Posted by caveblogem in Other.

I try not to be a vain person, really.  I’ve got to admit, however, that having a little mostly bald patch on the top of my head near the back really bothers me.  Try to put my finger on what there is about it that really gets to me and I’d have to guess that it makes me feel like I look weak. It’s stupid.  I am much stronger, and in slightly better shape than any other time in my life, except possibly my late teens.  Something about having hair, but a missing patch, seems worse than no hair at all.

There are few famous people sporting this particular look, which makes it all the worse, of course.  The famous guys my age have rugs or hair plugs or were vain enough to start using monoxidil in their youth.  Some shave their heads, which my wife discourages me from doing.  I was reading last week’s New Yorker and ran across a real gem, though.  Buried in Ian Frazier’s two-part travel narrative about Siberia is the phrase, used to describe a companion, “Lenin-pattern baldness.”

With Lenin-pattern baldness I can still be intimidating and frightening. I find that a comfort, somehow. “Get off my lawn,” bellowed the big guy down the street with Lenin-pattern baldness.

*I should probably note that the title to this post is derived from a line in one of my favorite books, Microserfs, by Douglas Coupland.


1. strugglingwriter - August 11, 2009

I hear ya brother! I’m getting to this point too.

I have contemplated shaving my head, but the wife doesn’t want that. I wish there was some way I could view myself with my head shaved and if I didn’t like it I could just put the hair back on.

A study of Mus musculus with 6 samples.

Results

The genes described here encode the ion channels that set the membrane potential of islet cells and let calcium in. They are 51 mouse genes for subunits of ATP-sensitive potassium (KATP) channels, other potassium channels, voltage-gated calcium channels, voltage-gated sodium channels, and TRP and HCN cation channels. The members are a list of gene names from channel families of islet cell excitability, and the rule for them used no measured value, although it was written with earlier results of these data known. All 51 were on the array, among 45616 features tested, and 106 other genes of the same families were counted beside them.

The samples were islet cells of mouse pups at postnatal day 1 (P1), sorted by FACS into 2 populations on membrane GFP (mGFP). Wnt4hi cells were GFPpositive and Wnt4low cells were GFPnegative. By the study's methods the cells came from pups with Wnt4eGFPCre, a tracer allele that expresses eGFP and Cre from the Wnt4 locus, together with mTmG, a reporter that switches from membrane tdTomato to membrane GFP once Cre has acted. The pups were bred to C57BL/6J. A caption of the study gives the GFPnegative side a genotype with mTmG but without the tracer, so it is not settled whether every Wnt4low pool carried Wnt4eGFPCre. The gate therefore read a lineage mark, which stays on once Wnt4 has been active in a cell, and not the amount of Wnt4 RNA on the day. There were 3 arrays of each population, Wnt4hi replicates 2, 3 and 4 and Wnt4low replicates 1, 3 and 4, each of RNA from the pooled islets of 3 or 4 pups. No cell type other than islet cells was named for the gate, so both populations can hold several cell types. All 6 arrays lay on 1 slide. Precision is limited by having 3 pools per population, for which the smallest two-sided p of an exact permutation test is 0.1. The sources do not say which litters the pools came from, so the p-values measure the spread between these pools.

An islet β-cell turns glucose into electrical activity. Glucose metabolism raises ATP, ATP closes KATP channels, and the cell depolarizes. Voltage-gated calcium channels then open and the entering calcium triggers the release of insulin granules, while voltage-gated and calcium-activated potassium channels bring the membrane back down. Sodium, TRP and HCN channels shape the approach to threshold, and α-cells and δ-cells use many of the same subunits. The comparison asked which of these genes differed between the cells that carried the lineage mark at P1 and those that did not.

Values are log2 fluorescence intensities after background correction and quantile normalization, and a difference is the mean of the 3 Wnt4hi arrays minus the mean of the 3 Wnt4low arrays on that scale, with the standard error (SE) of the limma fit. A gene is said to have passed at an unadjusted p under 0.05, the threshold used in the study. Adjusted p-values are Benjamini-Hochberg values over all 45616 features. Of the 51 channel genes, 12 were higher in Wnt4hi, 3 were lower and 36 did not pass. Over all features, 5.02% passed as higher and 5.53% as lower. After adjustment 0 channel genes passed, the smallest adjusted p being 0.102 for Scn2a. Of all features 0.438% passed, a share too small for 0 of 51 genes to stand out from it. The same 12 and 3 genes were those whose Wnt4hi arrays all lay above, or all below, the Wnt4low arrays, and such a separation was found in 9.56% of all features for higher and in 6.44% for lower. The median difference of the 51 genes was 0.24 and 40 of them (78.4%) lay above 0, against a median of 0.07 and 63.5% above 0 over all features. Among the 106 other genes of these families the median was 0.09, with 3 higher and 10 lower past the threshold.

Also, I read that New Yorker article about Siberia last night. I didn’t notice that Lenin line. I’ll have to re-read that.

2. prairieflounder - August 11, 2009

I love the joke from Bob-Cat Goldthwaite about balding. Paraphrasing a bit, “The more hair I loose from my head the more I find in my mouth.” He makes pulling motions from the top of his head out of his mouth, “Mental Floss”

I go with the number four clipper cut, mow once a month, and wear a hat. I am also grateful for being blond; it makes the loss look less obvious.

3. SilverTiger - August 11, 2009

My son is bald; I am not. Such are the jokes that nature likes to play.

In this life we have no option but to play the cards we are dealt. Getting back at nature is a game we can all engage in.

How about making a “feature” of your bald spot? Why not get it coloured – green, red or blue spring to mind – or tattooed? But if you get it tattooed, remember that it might increase in size, so you need a design that can be extended. A spider’s web might fill the bill. A colourful spider in the middle would be a useful talking point especially if entomologically accurate.

How about growing the hair below the bald patch to make a pony tail or pigtail? If you can’t disguise something, drawing attention to it is often almost as effective aesthetically.

Oh yes, and don’t forget the sun-screen in hot weather.